Health officials in Calhoun County are reporting a recent surge in COVID-19 cases over the past three weeks, something the rest of Lower Michigan hasn’t seen so far.

Calhoun County Public Health Department Health Officer Eric Pessell and Calhoun County Medical Director Dr. William Nettleton were part of the COVID-19 Joint Information Center Briefing on Wednesday, October 14th.

Pessell said they’ve had 597 positive COVID-19 cases referred since September 22nd. That’s the highest level of transmission and more than double the rate since the peak in April and May.

One thing that contact tracers at the Health Department have been doing is keeping track of symptoms reported by those who test positive.   Pessell noted that fever was actually down to fifth on the list, with only about half reporting a fever.   Cough was the most reported symptom at 72%.  Fatigue/lethargy/weakness, headaches, and muscle aches were all a more common indicator than fever.   If you have any of those symptoms, Pessell says it’s important not to come to work, and go and get tested.

Calhoun County COVID-19 Symptoms
Calhoun County COVID-19 Symptoms

Complicating things are the fact that many people testing positive believed they had fall allergies.  The symptoms can match COVID-19 symptoms.  Pessell asks that people who believe they may have allergy flare-ups should also stay home and get tested.

Dr. Nettleton said that their data shows three common outbreak/cluster categories that have led to the surge in Calhoun County.

  • These include weddings, anniversary parties, and birthday parties.
  • Long-term care facilities.
  • Worksites

Dr. Nettleton also said one of the greatest risks for transmission is from who you live with.  He says you’re in close quarters, without wearing masks.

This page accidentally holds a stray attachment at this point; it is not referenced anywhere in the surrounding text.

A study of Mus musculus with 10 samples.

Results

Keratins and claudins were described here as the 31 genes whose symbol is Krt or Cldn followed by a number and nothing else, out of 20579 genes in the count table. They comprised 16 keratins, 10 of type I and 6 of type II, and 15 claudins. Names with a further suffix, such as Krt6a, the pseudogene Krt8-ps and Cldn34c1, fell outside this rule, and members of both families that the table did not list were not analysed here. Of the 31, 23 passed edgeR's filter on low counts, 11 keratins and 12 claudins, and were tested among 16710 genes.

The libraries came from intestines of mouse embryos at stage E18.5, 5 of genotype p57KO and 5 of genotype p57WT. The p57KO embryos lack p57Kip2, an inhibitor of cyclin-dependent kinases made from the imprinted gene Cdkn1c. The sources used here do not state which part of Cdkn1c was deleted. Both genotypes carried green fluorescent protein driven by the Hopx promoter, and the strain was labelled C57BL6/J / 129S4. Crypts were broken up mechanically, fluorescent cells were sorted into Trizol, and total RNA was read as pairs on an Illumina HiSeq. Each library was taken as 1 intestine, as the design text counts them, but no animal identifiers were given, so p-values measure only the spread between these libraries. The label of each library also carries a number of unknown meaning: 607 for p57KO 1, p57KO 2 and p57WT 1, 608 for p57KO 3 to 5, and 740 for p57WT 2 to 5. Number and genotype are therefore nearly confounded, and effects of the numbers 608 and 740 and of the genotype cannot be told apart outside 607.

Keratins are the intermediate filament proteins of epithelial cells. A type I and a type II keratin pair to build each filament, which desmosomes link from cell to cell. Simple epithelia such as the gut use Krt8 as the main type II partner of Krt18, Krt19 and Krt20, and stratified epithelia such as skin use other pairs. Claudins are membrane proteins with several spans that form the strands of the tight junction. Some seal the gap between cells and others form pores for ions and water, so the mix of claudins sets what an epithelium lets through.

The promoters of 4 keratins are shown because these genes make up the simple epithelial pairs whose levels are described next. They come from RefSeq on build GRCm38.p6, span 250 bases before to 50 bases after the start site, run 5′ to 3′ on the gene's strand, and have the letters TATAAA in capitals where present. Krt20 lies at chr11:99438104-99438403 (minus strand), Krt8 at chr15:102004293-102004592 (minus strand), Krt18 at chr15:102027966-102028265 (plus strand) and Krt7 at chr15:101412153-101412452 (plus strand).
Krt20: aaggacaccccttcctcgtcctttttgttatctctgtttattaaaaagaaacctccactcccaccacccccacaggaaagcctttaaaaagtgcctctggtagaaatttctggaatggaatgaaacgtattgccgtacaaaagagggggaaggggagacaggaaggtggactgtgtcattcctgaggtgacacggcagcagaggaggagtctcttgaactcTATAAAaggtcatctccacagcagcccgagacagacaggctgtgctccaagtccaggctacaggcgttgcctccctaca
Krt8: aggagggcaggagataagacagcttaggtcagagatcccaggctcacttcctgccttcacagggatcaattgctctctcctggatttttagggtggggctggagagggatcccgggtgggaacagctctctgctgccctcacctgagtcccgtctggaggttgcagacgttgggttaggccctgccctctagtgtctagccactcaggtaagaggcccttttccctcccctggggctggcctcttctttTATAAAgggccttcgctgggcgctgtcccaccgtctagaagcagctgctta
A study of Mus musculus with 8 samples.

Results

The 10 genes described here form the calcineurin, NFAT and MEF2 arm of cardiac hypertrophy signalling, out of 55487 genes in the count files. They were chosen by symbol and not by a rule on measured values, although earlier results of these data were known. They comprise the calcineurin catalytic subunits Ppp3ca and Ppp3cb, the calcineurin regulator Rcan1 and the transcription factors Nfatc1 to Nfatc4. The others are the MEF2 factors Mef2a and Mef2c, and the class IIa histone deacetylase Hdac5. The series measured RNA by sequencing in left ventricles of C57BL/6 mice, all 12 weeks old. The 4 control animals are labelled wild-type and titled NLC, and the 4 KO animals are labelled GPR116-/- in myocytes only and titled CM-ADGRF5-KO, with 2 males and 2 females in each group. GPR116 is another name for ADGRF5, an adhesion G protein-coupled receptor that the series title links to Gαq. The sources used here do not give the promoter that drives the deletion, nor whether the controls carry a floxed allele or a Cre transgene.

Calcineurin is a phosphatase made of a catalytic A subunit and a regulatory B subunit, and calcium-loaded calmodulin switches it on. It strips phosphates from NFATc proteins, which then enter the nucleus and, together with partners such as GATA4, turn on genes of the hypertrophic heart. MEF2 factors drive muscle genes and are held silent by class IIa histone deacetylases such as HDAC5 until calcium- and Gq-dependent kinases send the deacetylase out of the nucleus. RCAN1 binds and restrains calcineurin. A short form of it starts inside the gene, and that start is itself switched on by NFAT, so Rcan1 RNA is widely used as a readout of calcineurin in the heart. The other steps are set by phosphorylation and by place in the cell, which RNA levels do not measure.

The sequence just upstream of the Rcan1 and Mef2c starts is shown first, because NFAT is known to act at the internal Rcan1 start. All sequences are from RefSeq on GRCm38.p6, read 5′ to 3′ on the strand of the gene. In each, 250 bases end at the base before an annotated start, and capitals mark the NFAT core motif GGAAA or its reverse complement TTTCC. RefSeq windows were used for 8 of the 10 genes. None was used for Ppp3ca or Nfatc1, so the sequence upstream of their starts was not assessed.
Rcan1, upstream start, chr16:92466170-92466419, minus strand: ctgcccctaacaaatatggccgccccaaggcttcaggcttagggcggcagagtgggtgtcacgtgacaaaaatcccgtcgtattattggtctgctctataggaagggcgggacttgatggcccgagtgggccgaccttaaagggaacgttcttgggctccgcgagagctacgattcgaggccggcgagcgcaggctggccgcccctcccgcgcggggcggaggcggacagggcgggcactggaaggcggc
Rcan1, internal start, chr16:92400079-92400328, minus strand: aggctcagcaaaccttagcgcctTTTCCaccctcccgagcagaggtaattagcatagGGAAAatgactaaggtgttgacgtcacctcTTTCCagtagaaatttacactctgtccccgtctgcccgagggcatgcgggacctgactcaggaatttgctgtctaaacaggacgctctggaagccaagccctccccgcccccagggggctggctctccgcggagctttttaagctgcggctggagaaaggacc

Dr. Nettleton said one encouraging thing they’ve seen happening is that a third of the new cases are being detected during quarantine, which he says is exactly what they would hope to see.  But Dr. Nettleton says they are concerned that up to 40% of their cases don’t have a known exposure.

He says this could be a result of increased community transmission, as a result of gatherings.  Or it could be due to people not sharing the information with the Health Department.  It could also be due to reporting mechanisms.

Dr. Nettleton acknowledges that it’s hard to digest risk when there is such a wide range of how the disease presents itself so differently among different people.  But he says there are groups that we know are at greater risk, including those who are obese or have other underlying medical conditions, and also communities of color.

Dr. Nettleton says he realizes that social gatherings are part of being human.  But he says the data shows that social gatherings are putting our community at risk. “The individual decisions that we make as a member of our community affect those in our families, affect our friends, and therefore affect our entire community.”